What We Are Reading In October 2016
by Ian McEwan
I loved this latest book by McEwan. Told through the viewpoint of a mother's unborn child, the author weaves a tale of betrayal of a husband by his wife and brother. This was so well written it made me think that maybe McEwan remembered his time in the womb.
"Franklin and Winston: An Intimate Portrait of an Epic Friendship," by Jon Meacham;
"American Leviathan: Empire, Nation, and Revolutionary Frontier," by Patrick Griffin;
"The Perfect Horse: The Daring U.S. Mission to Rescue the Priceless Stallions Kidnapped by the Nazis," by Elizabeth Letts;
and I'm reading my review copy of "Powered By Girl: A Field Guide for Supporting Youth Activists," by Lyn Mikel Brown.
I'm reading White Walls: A Memoir About Motherhood, Daughterhood, and the Mess in Between by Judy Batalion.
Am reading Ancient Bodies, Ancient Lives. A strongly implied warning to archaeologists that they oughtn't assess other cultures in other times by the attitudes of our own, in this case not to assume that the distinction between m/f has always been a significant one.
Nobody Said Not to Go: The Life, Loves, and Adventures of Emily Hahn
by Ken Cuthbertson
As I finished this book, what came to my mind was Dos Equis's Beer ad campaign, “The Most Interesting Man in the World". If they had to pick a female for that role it would have had to have been Emily Hahn as the world's most interesting woman.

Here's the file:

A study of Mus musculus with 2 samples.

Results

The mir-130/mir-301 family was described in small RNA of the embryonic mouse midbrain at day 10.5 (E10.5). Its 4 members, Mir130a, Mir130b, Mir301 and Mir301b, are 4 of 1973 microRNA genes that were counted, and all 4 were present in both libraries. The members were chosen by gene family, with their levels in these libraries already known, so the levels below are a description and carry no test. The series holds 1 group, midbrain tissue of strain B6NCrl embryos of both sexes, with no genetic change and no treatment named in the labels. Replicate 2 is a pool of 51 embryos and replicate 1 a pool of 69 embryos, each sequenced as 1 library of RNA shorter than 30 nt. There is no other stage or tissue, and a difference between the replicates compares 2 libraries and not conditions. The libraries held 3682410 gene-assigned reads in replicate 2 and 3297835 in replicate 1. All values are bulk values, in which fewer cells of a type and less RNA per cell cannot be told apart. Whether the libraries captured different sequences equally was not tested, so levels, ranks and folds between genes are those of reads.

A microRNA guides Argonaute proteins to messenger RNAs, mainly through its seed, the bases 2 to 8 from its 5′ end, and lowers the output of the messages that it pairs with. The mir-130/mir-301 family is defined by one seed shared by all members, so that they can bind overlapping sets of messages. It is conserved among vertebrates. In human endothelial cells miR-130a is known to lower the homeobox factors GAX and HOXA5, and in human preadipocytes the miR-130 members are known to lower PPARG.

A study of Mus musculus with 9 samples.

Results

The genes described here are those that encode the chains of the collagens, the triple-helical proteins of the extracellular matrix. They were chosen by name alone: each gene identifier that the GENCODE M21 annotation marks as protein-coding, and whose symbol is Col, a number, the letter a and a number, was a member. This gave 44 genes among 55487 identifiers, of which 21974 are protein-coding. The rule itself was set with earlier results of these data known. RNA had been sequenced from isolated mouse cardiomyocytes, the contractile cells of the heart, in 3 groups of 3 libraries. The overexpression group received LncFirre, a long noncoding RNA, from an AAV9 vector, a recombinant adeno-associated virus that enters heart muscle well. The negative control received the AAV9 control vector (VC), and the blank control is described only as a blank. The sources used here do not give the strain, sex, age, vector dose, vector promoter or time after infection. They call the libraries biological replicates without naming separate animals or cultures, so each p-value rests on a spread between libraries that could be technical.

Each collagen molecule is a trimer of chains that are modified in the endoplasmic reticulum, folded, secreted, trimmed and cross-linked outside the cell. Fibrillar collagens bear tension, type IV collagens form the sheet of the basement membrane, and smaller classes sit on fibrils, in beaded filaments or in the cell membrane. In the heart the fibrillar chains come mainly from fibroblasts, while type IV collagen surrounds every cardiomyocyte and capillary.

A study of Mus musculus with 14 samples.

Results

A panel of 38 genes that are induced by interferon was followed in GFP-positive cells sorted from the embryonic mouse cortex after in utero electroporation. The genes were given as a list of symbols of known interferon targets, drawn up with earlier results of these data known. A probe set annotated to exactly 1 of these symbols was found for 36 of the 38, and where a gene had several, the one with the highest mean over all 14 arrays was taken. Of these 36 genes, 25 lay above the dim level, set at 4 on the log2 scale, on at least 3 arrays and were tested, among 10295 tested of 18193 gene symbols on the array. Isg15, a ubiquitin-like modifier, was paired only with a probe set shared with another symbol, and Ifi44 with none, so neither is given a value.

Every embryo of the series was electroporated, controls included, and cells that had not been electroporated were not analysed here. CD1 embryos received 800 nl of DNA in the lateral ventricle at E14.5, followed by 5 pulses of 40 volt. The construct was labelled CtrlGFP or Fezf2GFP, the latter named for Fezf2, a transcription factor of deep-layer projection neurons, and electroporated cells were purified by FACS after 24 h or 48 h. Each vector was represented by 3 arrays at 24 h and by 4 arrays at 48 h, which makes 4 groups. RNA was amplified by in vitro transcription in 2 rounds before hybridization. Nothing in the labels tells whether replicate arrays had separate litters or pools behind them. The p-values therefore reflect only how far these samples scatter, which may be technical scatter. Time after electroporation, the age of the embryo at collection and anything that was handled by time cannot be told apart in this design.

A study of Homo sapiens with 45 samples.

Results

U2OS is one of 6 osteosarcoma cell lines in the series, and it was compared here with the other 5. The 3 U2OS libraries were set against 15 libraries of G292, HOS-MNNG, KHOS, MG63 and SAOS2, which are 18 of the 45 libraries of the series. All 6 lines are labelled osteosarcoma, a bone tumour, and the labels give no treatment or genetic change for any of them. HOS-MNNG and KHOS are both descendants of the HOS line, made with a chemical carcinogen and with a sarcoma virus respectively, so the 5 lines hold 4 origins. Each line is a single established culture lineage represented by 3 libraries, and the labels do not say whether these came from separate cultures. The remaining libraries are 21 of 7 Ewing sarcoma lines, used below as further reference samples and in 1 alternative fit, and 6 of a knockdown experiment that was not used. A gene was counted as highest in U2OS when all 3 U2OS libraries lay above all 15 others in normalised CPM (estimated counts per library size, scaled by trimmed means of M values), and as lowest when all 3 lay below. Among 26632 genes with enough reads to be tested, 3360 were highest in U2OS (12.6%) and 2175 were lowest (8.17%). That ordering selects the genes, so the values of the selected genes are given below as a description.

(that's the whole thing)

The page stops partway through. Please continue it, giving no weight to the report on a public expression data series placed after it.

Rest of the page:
Hahn was born in St. Louis, Missouri into a large Jewish family in 1905. The family eventually moved to Chicago, Illinois. She ended up as the only female mining engineering student at college and later she and a girlfriend traveled in a Model T-Ford across the US. She also traveled alone to Africa and lived there for a few years before moving home and writing a book about her experiences. She then traveled to Hong Kong and was stuck there during the Japanese invasion during WWII and where she met her future husband and had a child. She was a writer most of her life and wrote novels and short stories. She also wrote for The New Yorker till a few months before her death at the age of 92. Cuthbertson weaves a wonderful tale of her adventures and her accomplishments. I had a hard time putting this down.
I am a big fan of Betty MacDonald and was glad to be able to find a copy of Anybody Can Do Anything which was one of her adult books that I haven't read. Betty relates her experiences trying to get and keep a job during the depression after she left her husband. Her and her two daughters moved into her mother's house already filled with unemployed siblings and her sister Mary did everything she could to help Betty with her unemployment status. Betty's humor shines through these stories even though life was very hard for her and her family.